Thesis research will be on spatial analysis of traffic signs in Eastern Europe
Joseph “Joe” Frimel, a senior in the Department of Geography, deserves a big round of applause for his most recent accomplishment: Getting a full-ride scholarship for a masters in geography at Oklahoma State University.
Frimel chose Oklahoma State because of the faculty there – Dr. Reuel Hanks specifically, who shares joint academic research interests: Cultural geography of Eastern Europe and Central Asia.
“I felt it would be a good match academically,” he says.
Frimel, who will become a full-time teaching assistant, will most likely be helping a professor teach a course or help a professor with grading, while doing his studies and thesis research on the spatial analysis of traffic signs in Latvia, a country located in Eastern Europe on the western border of Russia.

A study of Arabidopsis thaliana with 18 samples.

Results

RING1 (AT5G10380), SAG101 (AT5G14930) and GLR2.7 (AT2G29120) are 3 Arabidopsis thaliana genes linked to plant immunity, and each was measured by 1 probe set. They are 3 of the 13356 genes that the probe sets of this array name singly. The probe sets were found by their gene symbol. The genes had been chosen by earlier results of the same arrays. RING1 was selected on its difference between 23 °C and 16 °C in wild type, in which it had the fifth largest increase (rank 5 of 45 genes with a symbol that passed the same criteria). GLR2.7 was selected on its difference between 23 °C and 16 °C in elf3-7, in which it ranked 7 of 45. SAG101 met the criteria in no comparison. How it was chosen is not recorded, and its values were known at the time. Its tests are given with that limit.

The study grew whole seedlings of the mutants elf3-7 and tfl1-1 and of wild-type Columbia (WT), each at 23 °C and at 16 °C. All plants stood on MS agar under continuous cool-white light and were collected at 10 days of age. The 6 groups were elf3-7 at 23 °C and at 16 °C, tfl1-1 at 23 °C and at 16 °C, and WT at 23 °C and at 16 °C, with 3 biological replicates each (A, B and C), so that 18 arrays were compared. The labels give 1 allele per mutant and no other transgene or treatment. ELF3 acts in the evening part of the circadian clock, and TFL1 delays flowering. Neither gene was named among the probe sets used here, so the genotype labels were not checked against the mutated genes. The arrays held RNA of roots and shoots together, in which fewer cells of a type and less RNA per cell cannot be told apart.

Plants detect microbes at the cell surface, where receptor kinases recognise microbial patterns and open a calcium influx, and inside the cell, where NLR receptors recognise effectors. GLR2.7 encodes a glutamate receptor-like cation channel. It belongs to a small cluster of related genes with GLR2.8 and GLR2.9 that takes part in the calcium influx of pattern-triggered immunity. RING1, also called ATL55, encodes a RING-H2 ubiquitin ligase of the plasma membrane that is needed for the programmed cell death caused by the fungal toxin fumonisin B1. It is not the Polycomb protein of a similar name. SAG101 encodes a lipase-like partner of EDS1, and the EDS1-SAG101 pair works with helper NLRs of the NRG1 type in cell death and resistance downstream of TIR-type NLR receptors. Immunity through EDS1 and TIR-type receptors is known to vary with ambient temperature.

“In particular,” he says, “I want to look at a specific neighborhood within a Latvian city and discover what languages are recorded on the street signs there, as well as note how frequently they appear. Latvia is a very linguistically diverse country, so I think my findings will be interesting – I’m really curious to find out how the languages displayed on the signs correlate to the percentage of those who speak whatever language, respectively.”
Frimel plans to travel to Latvia in summer 2022 to conduct research. He will be there a few months, if he can do so safely at that time, without risk of COVID or related restrictions.
“For example, if let’s say 20 percent of the population speaks Russian, then I’d think around 20 percent of the signs would be in Russian,” he says. “Or maybe it’s not like that at all. I’d kind of like to discover that.”